Social media helping customers deal with complaints far quicker

Social Media

 

A recent experiment undertaken by a BBC TV programme to test if businesses response quicker to customer complaint via Twitter and other social media networks as compared to those customers who lodge complaints via email.

The basis of the experiment was that five different companies were contacted via Twitter and email detailing the same consumer complaint. The results showed that social media is a far more effective tool to handle consumer complaints. All five companies responded personally  to the tweets that were posted.

The fastest response time to the tweets was 3 minutes, whilst the slowest was 1 hour 10 minutes. When it came to the email complaints, only one of the five companies responded and that took over 24 hours.

According to numerous social media experts the realists of this simple test were not very surprising. The reasons given for the quicker responses was that companies respond quicker and feel obliged to respond when complaints are discussed in a public forum. Complaints via public forums has enormous effect because it is a public forum as compared to email and personal phone calls which are private. A tweet or Facebook post are out there for the world to see. Therefore the company need to respond to protect their  brand and image.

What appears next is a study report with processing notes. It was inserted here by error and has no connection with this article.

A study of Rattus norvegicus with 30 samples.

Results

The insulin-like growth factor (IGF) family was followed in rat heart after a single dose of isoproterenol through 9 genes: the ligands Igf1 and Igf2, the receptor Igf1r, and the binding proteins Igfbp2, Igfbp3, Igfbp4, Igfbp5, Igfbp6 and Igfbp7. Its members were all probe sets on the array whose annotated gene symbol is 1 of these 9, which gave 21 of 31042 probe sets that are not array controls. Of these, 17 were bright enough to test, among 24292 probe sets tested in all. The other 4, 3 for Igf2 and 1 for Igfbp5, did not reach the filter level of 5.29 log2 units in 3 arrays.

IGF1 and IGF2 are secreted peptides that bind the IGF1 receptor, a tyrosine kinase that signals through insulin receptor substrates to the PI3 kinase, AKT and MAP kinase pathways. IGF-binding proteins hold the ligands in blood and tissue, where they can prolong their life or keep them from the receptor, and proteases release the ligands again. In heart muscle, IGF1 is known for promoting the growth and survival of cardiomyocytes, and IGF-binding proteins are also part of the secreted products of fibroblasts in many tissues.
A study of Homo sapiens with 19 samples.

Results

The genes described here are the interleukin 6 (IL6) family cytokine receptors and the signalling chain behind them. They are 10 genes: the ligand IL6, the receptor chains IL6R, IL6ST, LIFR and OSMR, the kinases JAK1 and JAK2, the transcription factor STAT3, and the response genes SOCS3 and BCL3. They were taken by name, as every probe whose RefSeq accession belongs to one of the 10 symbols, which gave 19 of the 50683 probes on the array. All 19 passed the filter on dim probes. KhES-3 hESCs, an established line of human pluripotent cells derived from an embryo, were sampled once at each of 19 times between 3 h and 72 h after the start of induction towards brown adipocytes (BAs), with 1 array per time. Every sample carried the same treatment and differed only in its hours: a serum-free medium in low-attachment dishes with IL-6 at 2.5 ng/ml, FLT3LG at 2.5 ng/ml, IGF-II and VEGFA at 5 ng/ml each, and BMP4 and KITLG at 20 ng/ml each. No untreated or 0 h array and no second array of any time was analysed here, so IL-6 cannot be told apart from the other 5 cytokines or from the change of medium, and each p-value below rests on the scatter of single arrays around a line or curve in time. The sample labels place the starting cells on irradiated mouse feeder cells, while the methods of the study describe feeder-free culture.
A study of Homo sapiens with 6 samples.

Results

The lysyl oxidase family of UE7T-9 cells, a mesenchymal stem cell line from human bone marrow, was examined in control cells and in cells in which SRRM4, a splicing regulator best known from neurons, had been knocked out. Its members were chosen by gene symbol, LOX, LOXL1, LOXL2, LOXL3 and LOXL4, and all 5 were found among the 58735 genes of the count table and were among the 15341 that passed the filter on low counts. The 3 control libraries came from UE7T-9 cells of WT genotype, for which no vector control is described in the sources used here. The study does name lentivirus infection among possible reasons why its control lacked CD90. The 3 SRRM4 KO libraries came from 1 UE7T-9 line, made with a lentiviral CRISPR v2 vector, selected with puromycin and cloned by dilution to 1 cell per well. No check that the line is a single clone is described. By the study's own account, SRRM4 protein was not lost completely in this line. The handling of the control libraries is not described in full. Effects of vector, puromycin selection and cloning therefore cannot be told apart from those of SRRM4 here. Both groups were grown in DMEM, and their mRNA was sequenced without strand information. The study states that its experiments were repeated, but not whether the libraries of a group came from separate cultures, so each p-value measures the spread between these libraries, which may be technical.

At the same time, experts agree that complaining via social media network does not always solve the issue or guaranteed to fix the problem. Consumers should be aware that even though you might get a response quicker when using social networks to air your views, this does not necessarily mean that your complaint will be evolved quicker.

There have been cases whereby social media has in fact been successful and forced companies to deal with disgruntled customers far quicker. There is a reported case where a British Airways customers paid to get his complaint promoted on Twitter in order to reach a wider audience. the customer was angry and fed up with British Airways for the way they were handling the issue of lost luggage. The customers paid complaint read as follows, ” Don’t fly @BritishAirways. Their customers service is horrendous”.

British Airways responded almost immediately stating that they would like to apologies to the customers for the inconvenience caused and that they have been in contact with the customer and will deliver the bag the following day.

There is also the case where a customer posted a picture of a bill on Facebook which received from Virgin Media for a late payment sent to the individual’s father in-law, who was deceased. The bill that was sent also included a late penalty fee. This post was shared more that 53,000 times and forced an apology from the company to the family.

In the end of the day, social media is a powerful tool to deal customer complaints and grudges and is forcing businesses to act far more quickly to protect their brand and image.